Movie Review: The Amazing Spider-Man 2


“And that’s why you always leave a note!” Image via Digital Spy

Oh Spider-Man, why do you always play with my emotions like this?

The Amazing Spider-Man 2 is a movie that didn’t need to exist, given that a perfect Spider-Man sequel already exists. Yet, here it is. While it is here, it might as well be loud, proud, and filled with search engine product placement.

Picking up a bit after the first Amazing Spider-Man left off, The Amazing Spider-Man 2 finds Peter Parker (Andrew Garfield) on the day of his high school graduation. As always, he is late, because he has to chase a bunch of people through recognizable Manhattan landmarks before he can watch his girlfriend Gwen Stacy (Emma Stone) deliver her valedictorian speech. While Peter loves Gwen Stacy, he also knows that dating Spider-Man can be a dangerous thing. Of all of the different stories in The Amazing Spider-Man 2, the Gwen Stacy romance is probably the most interesting to watch. This makes it one of the few superhero movies where the romance is better than any of the action. I think that Garfield and Stone’s real life romance is partly to thank for the onscreen chemistry.

On top of the romance, The Amazing Spider-Man 2 is a film told in three villains. Ever since I saw Iron Man 2, I have preached against the Multiple Villain Syndrome that plagues most superhero movies. Yet, no one seems to listen (probably time to yell more on Reddit). Each villain has their strengths and their flaws, but mostly they have flaws. Let’s start with Electro (Jamie Foxx). His alter ego, Max Dillon, is a nebbish Oscorp employee who is creepily obsessed with Spider-Man. I loved the start of that character, as it was weird enough to not belong in a big blockbuster. Then, he becomes Electro too quickly and any semblance of backstory is gone.

Then, there is Harry Osbourne (Dane DeHaan), who becomes the Green Goblin. Harry and the Green Goblin are two of the most important characters in the Spider-Man universe, so it’s surprising that the movie barely gives them the proper introduction that they deserve. Despite the fact that the Amazing Spider-Man series is supposed to be a way to introduce Spider-Man to a new generation, you can’t really watch it without knowledge of the previous movies. Instead of a Harry backstory, The Amazing Spider-Man 2 decides to delve into the lives of Peter’s parents. Then, it does absolutely nothing with that information. The Amazing Spider-Man 2 has the power to do something great. Yet, it also wants none of the responsibility.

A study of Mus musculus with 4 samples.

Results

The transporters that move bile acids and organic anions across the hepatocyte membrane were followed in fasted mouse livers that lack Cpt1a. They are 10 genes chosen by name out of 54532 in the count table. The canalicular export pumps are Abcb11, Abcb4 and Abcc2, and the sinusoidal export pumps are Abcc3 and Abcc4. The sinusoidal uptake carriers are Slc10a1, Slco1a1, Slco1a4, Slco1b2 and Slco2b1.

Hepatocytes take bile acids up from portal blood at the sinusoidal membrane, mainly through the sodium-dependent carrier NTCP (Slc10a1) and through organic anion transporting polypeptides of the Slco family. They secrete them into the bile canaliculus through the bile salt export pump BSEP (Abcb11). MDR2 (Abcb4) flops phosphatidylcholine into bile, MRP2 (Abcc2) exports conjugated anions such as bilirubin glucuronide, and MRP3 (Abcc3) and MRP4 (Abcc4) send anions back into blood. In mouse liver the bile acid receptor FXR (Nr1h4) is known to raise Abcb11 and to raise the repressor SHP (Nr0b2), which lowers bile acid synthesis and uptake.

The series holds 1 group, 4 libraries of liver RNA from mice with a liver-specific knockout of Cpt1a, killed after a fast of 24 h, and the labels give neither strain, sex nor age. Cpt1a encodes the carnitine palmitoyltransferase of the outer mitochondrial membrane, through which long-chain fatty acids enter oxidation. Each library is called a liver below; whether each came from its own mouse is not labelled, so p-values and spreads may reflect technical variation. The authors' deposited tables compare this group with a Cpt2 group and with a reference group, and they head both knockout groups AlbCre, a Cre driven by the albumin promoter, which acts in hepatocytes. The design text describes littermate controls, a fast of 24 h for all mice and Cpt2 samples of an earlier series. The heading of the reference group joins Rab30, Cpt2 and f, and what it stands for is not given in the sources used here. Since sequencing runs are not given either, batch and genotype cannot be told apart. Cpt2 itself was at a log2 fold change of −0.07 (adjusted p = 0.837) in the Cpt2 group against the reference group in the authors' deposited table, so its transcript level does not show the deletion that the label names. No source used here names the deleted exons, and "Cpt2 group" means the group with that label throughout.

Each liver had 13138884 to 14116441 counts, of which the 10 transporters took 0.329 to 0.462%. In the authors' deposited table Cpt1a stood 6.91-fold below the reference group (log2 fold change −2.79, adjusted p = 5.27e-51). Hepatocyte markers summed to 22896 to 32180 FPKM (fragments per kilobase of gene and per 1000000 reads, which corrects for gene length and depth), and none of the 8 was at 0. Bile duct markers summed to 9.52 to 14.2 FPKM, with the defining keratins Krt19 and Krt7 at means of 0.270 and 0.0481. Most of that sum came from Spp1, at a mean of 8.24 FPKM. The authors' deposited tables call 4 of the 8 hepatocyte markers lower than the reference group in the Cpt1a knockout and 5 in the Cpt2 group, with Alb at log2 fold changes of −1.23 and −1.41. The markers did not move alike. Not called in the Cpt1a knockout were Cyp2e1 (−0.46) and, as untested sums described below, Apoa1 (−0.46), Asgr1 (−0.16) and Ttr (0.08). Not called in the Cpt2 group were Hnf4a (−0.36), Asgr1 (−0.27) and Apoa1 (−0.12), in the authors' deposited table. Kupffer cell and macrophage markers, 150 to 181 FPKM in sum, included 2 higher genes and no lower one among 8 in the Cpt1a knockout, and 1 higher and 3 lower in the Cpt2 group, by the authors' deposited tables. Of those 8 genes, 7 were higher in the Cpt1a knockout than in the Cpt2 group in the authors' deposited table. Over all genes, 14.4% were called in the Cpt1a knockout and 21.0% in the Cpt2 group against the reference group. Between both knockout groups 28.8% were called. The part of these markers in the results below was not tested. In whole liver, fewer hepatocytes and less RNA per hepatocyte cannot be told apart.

The third villain is The Rhino (Paul Giamatti), who (spoiler alert?), is barely in the movie. He is in there either to tease another movie I am not sure if I want to see, or to satisfy the needs of people who were dying to see Paul Giamatti do a cheesy Russian accent. It’s okay, Giamatti now has enough money to build a second pool or whatever movie stars do with their money.

The biggest problem with The Amazing Spider-Man 2 is that it keeps throwing challenges at Spider-Man and never quite knows how to handle them. Usually, writers and directors should have a better handle on their characters. Now, Spider-Man always has a lot on his plate. This is what defines him as a hero. Spider-Man 2 basically explores these same grounds, but it understood which issues were actually important to both Peter Parker and Spider-Man. The Amazing Spider-Man 2 is the equivalent of watching four screenwriters (not an exaggeration) run circles around each other for 150 minutes.

Throughout The Amazing Spider-Man 2 there are shades of what could have been, and ultimately there is disappointment at the mess that ended up on screen. Besides all that, I had a fun time. It did what a subpar superhero movie is supposed to do: it entertained at a moderately fun level. I just feel like at this point it is time that audiences started expecting something better.

Brain Farts From The Edge (SPOILER ALERT)

  • Don’t worry, there are no cranes in site this time around.
  • The end scene might be one of the worst I have seen all year. It is a blatant attempt at pandering. It is like they were trying to put in a message that wasn’t built up to at all.
  • Okay, now we can talk about Gwen Stacy’s death: This was handled very well in the film. If you’re a fan of the comics, then there were teasers throughout (Peter and Gwen on top of the bridge). In the movie, the death takes place in a clock tower, and the tragedy is handled in a tasteful way. Emma Stone was such a great part of these movies, and it is sad to see her go. Poor Spider-Man, he’s always accidentally killing the ones that he loves the most.
  • I wish this ended with Peter standing by Gwen Stacy’s grave and then giving up on being Spider-Man. That would have been a much stronger cliffhanger than Paul Giamatti in a rhino costume.
  • On that note, Peter’s deep struggle of whether or not to be Spider-Man seems trivial here, when it should have been a larger focus. Giving up the ability to swing across New York City with web launchers must not be an easy decision to make.
  • Sally Field is a great Aunt May. Overall, she’s a great lady, too.
  • When Electro blows out the power in the city, everybody immediately freaks out. Okay, blackouts are bad and cause chaos. However, things don’t immediately explode the second a city stops running. Calm down, Marc Webb.
  • Take it easy with the faux-Queens accent, Andrew Garfield.
  • Four writers. Four f***ing writers. Did they just let everybody at Sony have a say in this?
  • So…how much longer until Guardians of the Galaxy comes out?